Amid a massive rise in COVID-19 cases in India, the state of Maharashtra being top in the list of states of contributing highest cases, the Centre today targeted the Maharashtra government saying the state is not testing enough, and that the share of RT-PCR tests in the state is progressively decreasing.
Addressing a press conference on the COVID-19 situation in the country, Union Health Secretary Rajesh Bhushan said covid cases in Maharashtra have "grown significantly" and have reached a high of over 57,000 cases a day.
"The state's test per million figure is also growing but it is not keeping pace with the growth of average daily cases," Bhushan said.
He also added that the share of RT-PCR tests in the total number of tests carried out in the state has been decreasing as the case increased. RT-PCR test is considered to be among the most reliable tests to detect Covid-19.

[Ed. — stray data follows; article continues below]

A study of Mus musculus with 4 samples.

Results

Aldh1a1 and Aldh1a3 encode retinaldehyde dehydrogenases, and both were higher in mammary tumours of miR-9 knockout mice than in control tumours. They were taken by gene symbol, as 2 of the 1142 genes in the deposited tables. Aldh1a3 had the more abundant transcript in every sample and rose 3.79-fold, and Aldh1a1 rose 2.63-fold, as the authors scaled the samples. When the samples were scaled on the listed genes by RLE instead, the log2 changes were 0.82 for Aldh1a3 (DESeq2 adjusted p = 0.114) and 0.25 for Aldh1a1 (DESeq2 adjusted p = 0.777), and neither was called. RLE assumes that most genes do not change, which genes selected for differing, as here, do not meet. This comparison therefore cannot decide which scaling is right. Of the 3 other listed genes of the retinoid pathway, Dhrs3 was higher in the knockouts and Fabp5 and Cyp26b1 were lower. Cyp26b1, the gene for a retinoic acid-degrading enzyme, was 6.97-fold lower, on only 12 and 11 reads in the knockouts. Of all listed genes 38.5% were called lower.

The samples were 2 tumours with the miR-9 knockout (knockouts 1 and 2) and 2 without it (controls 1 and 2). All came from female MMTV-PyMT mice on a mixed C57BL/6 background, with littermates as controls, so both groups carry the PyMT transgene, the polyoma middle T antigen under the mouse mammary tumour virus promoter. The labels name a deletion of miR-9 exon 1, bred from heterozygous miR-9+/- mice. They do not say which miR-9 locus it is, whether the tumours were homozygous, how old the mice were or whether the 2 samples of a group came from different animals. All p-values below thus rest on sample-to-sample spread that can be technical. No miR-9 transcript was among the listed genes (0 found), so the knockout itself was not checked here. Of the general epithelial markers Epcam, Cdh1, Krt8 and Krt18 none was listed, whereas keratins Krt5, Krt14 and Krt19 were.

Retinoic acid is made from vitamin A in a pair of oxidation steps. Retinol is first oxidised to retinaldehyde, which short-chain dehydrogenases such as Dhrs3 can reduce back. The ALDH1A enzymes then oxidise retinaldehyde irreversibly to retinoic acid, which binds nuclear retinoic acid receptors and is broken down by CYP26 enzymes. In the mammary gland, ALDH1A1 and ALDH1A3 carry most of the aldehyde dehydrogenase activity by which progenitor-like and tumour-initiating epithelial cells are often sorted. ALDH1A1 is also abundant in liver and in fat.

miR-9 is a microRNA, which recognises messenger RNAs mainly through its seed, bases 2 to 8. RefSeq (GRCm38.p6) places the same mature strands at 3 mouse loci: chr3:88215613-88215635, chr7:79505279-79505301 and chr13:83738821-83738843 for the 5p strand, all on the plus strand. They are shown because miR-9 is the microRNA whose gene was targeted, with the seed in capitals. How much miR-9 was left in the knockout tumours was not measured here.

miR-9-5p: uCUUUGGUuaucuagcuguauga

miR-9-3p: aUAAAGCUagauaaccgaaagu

"The share of the RT-PCR tests in the state it is progressively coming down which is something concerning. We request the state to address this," Rajesh Bhushan said.
Maharashtra's weekly share of RT-PCR test was 57.6 per cent in the week of April 7-13. This was a sharp decline from 70.3 per cent, as compared tothe figure for the week of February 17-23, revealed data from the press briefing.
He also recommended that both tests are important. "The Rapid Antigen tests are good as a screening test for areas that are crowded or are seeing new clusters. But those who test negative in the antigen test, have to mandatorily be subjected to RT-PCR test," he added.
Ten states -- Maharashtra, Uttar Pradesh, Chhattisgarh, Delhi, Karnataka, Tamil Nadu, Madhya Pradesh, Gujarat, Rajasthan and Kerala have shown a rise in the COVID-19 daily cases accounting for 80.80 per cent of the new infections reported in a day, the Union Health Ministry said earlier in the day on Tuesday.
The five states of Maharashtra, Chhattisgarh, Karnataka, Uttar Pradesh and Kerala cumulatively account for 68.85 per cent of India's total Active Cases. Maharashtra alone accounts for 44.78 per cent of the total active caseload of the country.
Sixteen states -- Maharashtra, Chhattisgarh, Uttar Pradesh, Karnataka, Delhi, Tamil Nadu, Madhya Pradesh, Gujarat, Haryana, Rajasthan, Punjab, Kerala, Telangana, Uttarakhand, Andhra Pradesh and West Bengal are displaying an upward trajectory in daily new cases.